To shoe or not to shoe, that is the question. Well, ok, that was “corny”, but we are talking about feet. Man has walked the Earth for a long time, but he has only done it recently in shoes and sandals. So apparently you can live without shoes, but they may not let you into your favorite restaurant or work in bare feet. And, I would wager, it would be quite painful if you stepped on a piece of broken glass or a rusty nail.
With the latter two thoughts in mind, I would say that wearing shoes are indeed good for you rather than going barefoot. At this point I have to admit, my mother found it quite difficult to get me to wear shoes as a youth, and I went barefooted everywhere. Whether I was walking down the sidewalk in our suburban neighborhood that I grew up in, or walking through the cow pasture to my favorite fishing hole at my grandparents, I was barefoot. I even walked barefoot on gravel as if it weren’t even there.
I did wear shoes to school and the like, although be it begrudgingly. My favorite shoes in high school were knee-high moccasin boots. The closest thing I could get to barefoot and still be allowed inside stores and the like. Finally, at eighteen, I had to wear steel-toed boots for work, I hated them, and still do hate them. But I would say that steel-toe boots can be good for say, if a heavy thing fell on your foot at work or if a tractor ran over it. Yes, that happened.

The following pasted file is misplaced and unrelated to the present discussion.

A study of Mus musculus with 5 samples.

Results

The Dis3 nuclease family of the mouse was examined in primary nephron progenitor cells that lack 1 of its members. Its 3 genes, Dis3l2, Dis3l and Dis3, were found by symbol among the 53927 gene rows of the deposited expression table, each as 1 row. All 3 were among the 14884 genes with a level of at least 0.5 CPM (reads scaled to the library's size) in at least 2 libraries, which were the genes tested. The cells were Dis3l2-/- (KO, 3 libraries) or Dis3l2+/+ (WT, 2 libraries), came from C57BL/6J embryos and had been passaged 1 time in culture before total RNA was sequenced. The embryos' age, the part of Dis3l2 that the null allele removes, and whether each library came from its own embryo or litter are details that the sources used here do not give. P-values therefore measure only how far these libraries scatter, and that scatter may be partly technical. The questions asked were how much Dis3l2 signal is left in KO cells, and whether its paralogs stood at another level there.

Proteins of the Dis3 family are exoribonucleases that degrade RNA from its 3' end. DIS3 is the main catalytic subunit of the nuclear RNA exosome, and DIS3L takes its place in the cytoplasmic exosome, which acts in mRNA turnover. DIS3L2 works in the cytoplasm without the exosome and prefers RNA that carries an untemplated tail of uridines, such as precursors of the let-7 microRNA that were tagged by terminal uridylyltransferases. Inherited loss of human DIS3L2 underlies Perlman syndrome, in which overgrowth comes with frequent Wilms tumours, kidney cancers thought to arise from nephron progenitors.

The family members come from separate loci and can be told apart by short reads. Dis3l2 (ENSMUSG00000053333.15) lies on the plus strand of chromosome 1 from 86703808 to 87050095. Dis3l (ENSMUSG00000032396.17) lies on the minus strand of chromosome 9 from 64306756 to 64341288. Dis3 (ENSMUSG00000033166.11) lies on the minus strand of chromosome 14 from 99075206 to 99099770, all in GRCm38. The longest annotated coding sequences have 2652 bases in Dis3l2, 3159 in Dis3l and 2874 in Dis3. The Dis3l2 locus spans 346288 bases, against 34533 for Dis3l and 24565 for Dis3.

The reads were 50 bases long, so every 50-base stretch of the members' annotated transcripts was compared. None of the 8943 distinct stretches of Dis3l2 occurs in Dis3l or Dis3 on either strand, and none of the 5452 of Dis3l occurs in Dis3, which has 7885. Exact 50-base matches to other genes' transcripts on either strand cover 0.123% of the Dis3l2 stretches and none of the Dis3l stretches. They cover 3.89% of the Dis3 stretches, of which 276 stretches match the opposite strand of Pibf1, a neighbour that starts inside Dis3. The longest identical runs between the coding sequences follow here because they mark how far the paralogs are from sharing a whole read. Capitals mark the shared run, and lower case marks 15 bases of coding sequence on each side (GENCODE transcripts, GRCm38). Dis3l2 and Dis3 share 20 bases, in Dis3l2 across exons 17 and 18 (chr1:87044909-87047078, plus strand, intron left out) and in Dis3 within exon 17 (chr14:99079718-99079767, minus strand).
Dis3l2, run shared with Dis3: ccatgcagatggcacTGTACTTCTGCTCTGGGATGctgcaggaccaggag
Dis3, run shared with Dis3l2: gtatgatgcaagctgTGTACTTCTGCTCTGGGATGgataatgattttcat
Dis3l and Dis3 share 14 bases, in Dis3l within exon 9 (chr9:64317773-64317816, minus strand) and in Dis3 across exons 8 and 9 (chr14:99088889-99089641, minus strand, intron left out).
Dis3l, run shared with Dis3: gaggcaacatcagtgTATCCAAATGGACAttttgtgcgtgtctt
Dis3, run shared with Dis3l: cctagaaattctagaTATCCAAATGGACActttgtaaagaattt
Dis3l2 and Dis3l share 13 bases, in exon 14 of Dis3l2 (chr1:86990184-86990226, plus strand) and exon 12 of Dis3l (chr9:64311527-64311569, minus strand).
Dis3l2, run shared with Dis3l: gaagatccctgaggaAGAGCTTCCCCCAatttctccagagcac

But let’s look at the question from a medical point of view. A quote from an article published in Women’s Sports & Fitness, August 1994 issue:
“A recent study demonstrates that the skin on the soles of your feet resists abrasions and blistering and that going barefoot is beneficial to the musculoskeletal structure of your feet and ankles. … Kicking off your shoes can help prevent a host of foot injuries: bunions, heel spurs, and bone deformities, among others. ” ËœShoes act like casts, holding the bones of the foot so rigid that they can’t move fluidly,” ™ [Steven] Robbins [MD and adjunct associate professor of mechanical engineering at Concordia University, Montreal] explains. ” ËœThe foot becomes passive from wearing shoes and loses the ability to support itself.” ™” Cheryl Sacra
Other research shows that wearing shoes, or rather overly-tight shoes, often, make your feet dependent upon the shoes for support and so become unable to support themselves, which may lead to injury and generally unhealthy feet. Barefoot running has been around for awhile, and proponents say that running shoes cause more damage to the feet than going barefoot. This claim is based on when running in shoes the heel tends to strike the ground first, and that when running barefoot runners tend to land on the balls or the middle of the feet and so actually produce less shock to the leg.
Other research has determined that women that wear high heels frequently tend to have a smaller calf diameter than women that do not wear high heels regularly, and women’s shoes that compress the toes into the point of the shoes cause painful conditions such as bone spurs and corns. That doesn’t sound very healthy, or pleasant.
So, it would seem that yes, going barefoot IS in fact healthy for your feet, but practicality speaking, you can’t go around everywhere barefooted. So what to do? Think about what your feet go through daily; give your feet a break. Go barefoot at home around the house, try to not stuff your feet into pointy heels very often if that can be avoided and try to wear quality and correct fitting shoes that allow your feet room to move and expand as you walk in them rather than having a ” “binding” effect on them. And a little foot rub never hurt anyone.